At a press conference at Google’s Bay Area headquarters yesterday, when the company’s annual shareholder meeting was held, investors and public interest groups called for the tech giant to institute a policy to disclose its political spending and end its membership in the US Chamber of Commerce.
In a letter to the company Wednesday, Public Citizen said Google should be applauded for raising the international focus on the climate crisis, as well as for fighting SOPA and PIPA, both intellectual property bills that were criticized as regressive intrusions on privacy. But Public Citizen said the company’s continued membership in the Chamber runs the risk that “Google will be perceived as privately endorsing controversial policies and positions which it publicly claims to oppose.”
The Chamber has been an avid climate change denier and last year paid Scholastic to distribute coal-industry-authored curriculum on energy to 100,000 fourth-grade classrooms around the country. It has also lobbied heavily for CISPA, another cybersecurity bill condemned by civil liberties advocates that died in the Senate in April.
Two other public interest groups sent petitions that echoed Public Citizen’s concerns – in total over 295,000 people signed on to the effort.
“These lofty principles are the reason that a lot of people feel so connected to Google but there’s a lot of fear that what they say publicly is undermined privately,” said Jake Parent with Public Citizen’s US Chamber Watch division. Parent attended yesterday’s shareholders meeting and said Google’s Senior Vice President David Drummond gave a “surprising answer” to concerns about the company’s Chamber membership. “He said it’s actually something they debate and argue about all the time,” said Parent. “They feel conflicted between the company’s values and of course the ‘Don’t be evil’ slogan, and the stances of the Chamber.”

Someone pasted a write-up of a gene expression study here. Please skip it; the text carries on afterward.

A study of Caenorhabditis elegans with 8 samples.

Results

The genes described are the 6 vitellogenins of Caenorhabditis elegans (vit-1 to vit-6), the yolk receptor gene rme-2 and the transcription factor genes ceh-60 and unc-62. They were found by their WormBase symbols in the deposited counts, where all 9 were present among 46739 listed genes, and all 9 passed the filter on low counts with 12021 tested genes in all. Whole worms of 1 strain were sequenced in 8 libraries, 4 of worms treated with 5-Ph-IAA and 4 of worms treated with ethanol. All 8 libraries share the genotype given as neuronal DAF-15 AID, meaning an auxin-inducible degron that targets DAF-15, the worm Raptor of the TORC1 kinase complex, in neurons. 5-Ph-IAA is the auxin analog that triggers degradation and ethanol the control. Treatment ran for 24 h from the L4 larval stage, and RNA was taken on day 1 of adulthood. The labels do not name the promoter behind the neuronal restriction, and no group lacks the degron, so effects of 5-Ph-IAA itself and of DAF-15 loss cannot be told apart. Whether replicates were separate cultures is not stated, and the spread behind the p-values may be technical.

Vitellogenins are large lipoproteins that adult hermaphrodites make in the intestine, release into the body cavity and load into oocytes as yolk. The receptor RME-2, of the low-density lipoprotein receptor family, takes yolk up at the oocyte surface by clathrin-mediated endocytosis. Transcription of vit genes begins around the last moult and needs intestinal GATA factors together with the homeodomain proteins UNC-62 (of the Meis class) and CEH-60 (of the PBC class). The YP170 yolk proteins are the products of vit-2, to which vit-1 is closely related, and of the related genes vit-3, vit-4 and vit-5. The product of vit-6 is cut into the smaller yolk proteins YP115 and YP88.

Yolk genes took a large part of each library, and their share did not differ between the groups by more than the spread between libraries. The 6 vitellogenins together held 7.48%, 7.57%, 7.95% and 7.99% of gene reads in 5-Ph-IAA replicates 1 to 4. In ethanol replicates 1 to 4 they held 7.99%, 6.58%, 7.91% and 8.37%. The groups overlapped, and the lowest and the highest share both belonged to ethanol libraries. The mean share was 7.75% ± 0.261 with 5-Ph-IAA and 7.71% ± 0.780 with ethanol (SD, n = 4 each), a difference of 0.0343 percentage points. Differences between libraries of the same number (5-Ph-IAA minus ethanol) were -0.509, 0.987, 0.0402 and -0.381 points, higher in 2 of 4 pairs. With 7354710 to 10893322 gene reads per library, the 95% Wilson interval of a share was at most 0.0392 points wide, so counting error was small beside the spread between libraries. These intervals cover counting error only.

Two groups promoting socially and environmentally responsible investing sent their own letters to the company this week voicing similar concerns on behalf of over two dozen investment groups holding Google shares.
Public Citizen says Google should follow the lead of its competitors who have left the Chamber over conflicts on policy positions. Apple left in 2009 in response to the Chamber’s threats to sue the Environmental Protection Agency over its plans to regulate greenhouse gas emissions.
Internal policies vary widely among companies with transparency requirements for disclosure of political spending. Lisa Gilbert, who heads Public Citizen’s Congress Watch program, said Microsoft is known for its relatively transparent policies on certain kinds of contributions.
Outside spending in elections quadrupled between 2010 and 2012 after the Citizens United ruling cleared the way for corporations to privately donate unlimited sums to political candidates. The US Chamber of Commerce, whose name belies its status as a private trade group, spent more than $35 million in 2012.